Nurses poised for strikes as minister tells LBC 1% NHS pay rise is ‘what we can afford’

5 March 2021, 11:43 | Updated: 5 March 2021, 20:54

Ewan Quayle

By Ewan Quayle

The Government cannot afford to give NHS staff in England a pay rise of more than 1%, Nadine Dorries told LBC today as unions prepared strike action over the plans.

Unions representing NHS workers have warned of industrial action amid mounting anger over the Government's recommendation of a 1% pay rise for nurses and other health workers, who are battling to keep the nation fit and well during the pandemic.

The Royal College of Nursing also announced today that it is to set up a £35 million industrial action fund in response to the Government's recommendation.

Health Minister Ms Dorries said this morning that healthcare workers would be the only public sector workers to receive a pay rise while others would have their salaries frozen, and that a further increase would mean the furlough scheme would become unaffordable.

"Our priority has to be about saving people's jobs and people's livelihoods, she told LBC, "and that is where our prioritisation in terms of funding has to be."

It comes as it was revealed the cost of the much-criticised Test and Trace system will cost the UK public purse £37 billion.

Read more: 'Unsustainable pressure' on teachers could threaten Government's education recovery plans

Ms Dorries added: "We have to continue the furlough scheme, we have to continue providing grants to business so that they can continue to keep running, and we've made an offer to the Pay Review Board of 1% which is what we can afford in order to continue furlough."

Ms Dorries, a former nurse, said she "knows what it's like to work those 12-hour shifts" and said she and the Government value the hard work of NHS staff during the Covid-19 pandemic.

Ms Dorries said the priority for the Government is to "continue to keep our economy stable" as it comes out of the pandemic.

She said: "Only with a stable economy can we make pay awards in the future. The pay awards that we've just made over the last three year, 12% for nurses, we would want to do that in the future but we can't do it without a stable economy."

It follows outrage from Labour and trade unions over the policy, accusing the Government of inflicting a "kick in the teeth" to health workers.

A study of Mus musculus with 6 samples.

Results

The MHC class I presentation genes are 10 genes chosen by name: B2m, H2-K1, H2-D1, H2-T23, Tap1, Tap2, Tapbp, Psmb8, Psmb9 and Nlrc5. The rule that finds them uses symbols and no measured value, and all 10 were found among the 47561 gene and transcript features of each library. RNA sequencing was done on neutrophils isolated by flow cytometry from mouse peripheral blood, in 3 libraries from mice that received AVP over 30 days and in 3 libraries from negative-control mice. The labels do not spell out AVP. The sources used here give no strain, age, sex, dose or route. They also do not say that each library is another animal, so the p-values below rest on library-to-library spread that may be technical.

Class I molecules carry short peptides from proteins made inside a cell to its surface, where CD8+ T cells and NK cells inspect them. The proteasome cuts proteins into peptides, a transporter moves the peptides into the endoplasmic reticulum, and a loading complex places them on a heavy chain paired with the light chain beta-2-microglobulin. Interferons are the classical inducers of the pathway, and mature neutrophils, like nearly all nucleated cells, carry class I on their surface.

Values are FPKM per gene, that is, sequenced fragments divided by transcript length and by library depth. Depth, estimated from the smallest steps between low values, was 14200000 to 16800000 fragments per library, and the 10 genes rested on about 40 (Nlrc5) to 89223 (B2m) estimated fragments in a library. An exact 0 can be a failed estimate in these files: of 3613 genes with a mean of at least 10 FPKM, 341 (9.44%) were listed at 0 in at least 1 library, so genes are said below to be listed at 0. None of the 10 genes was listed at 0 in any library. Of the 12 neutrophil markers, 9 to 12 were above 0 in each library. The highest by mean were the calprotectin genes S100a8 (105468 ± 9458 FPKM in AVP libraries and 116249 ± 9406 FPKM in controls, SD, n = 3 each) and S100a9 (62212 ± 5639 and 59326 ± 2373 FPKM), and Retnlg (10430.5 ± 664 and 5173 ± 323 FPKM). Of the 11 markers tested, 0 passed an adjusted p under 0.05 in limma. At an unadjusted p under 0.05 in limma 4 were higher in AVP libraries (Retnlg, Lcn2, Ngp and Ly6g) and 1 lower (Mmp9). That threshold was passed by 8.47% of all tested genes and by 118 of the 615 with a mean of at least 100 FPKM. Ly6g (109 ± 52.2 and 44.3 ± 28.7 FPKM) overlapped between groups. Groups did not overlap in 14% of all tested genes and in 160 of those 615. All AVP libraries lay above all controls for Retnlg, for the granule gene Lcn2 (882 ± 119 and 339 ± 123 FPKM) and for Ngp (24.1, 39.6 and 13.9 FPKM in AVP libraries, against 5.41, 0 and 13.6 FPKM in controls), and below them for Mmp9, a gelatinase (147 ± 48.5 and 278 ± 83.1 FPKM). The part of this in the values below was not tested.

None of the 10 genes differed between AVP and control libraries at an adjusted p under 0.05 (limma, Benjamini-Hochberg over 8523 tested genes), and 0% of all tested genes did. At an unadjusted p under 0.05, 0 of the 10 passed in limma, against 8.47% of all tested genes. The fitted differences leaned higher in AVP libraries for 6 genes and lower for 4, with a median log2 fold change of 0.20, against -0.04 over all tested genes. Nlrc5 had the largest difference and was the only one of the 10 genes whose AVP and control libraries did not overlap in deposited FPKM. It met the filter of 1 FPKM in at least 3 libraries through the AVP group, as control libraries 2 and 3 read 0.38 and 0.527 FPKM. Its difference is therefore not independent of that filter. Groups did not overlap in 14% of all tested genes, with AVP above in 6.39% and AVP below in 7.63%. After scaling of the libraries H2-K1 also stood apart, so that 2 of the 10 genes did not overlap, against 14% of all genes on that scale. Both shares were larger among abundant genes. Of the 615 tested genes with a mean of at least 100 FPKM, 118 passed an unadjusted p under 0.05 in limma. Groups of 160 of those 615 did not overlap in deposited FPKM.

They said evidence to the NHS Pay Review Body from the Health Department was a "callous and an enormous slap in the face" for workers.

Unison head of health Sara Gorton said: "A 1% pay rise is the worst kind of insult the Government could give health workers who've given their absolute everything over the past year.

"The public will be horrified. Staff will think it's some kind of joke."

Unite national officer for health, Colenzo Jarrett-Thorpe, called for industrial action: "Following yesterday's kick-in-the-teeth announcement that the Government wants to peg NHS pay at 1% for 2021-22, Unite will be considering all its options, including the holding of an industrial action ballot, as our pay campaign mounts in the coming weeks.

"We will be fully consulting our members on the next steps, given that inflation could be 2% by the end of 2021, so what Prime Minister Boris Johnson is recommending is another pay cut in real terms.

"It shows an unyielding contempt by ministers for those who have done so much to care for tens of thousands of Covid-19 patients in the last year.

"The public is rightly outraged by a Government that can spend £37 billion on the flawed private sector Test and Trace programme, but can't find the cash for a decent pay rise for those on the NHS front line."

The proposal was also angrily condemned by Royal College of Nursing general secretary, Dame Donna Kinnair who said it would amount to an increase of just £3.50 a week in take home pay for an experienced nurse.

"This is pitiful and bitterly disappointing. The Government is dangerously out of touch with nursing staff, NHS workers and the public," she said.

"Nobody would think that is fair in the middle of a pandemic and it will do nothing to prevent the exodus from nursing."

Dr Chaand Nagpaul, who chairs the British Medical Association council, said it came as a "kick in the teeth" after a decade in which doctors had experienced real terms pay cuts of up to 30%.

"This is a total dereliction of the Government's moral duty and obligation to a workforce that is keeping the NHS on its feet and patients alive," he said.

For Labour, Shadow health secretary Jonathan Ashworth said: "A pay cut for NHS staff is the ultimate kick in the teeth to our NHS heroes who have done so much to keep us safe over the past year."

And in a message to NHS workers, Keir Starmer said: "You deserve a pay rise.

"During the pandemic it’s been our amazing NHS who’ve kept our country going, kept us safe, and looked after our loved ones.

"They’ve been there on the frontline, putting their lives on the line. They’re the very best of Britain.

"My Mum was a nurse. My sister was a nurse. My wife works in the NHS. I know what it means to work for the NHS.

"And if I were Prime Minister I would give them a fair pay rise that they deserve.

"However, this week we learned that the Conservative Government is planning a real term pay cut for NHS staff. The mask has finally slipped.

"After all we’ve been through together, after clapping for our carers, this is nothing short of an insult. It sends a very strong message to the British public.

"Under my leadership, Labour will stand with the NHS and with our key workers. We will argue for a better deal, for fairer pay. The NHS protected us, now it’s time to protect them."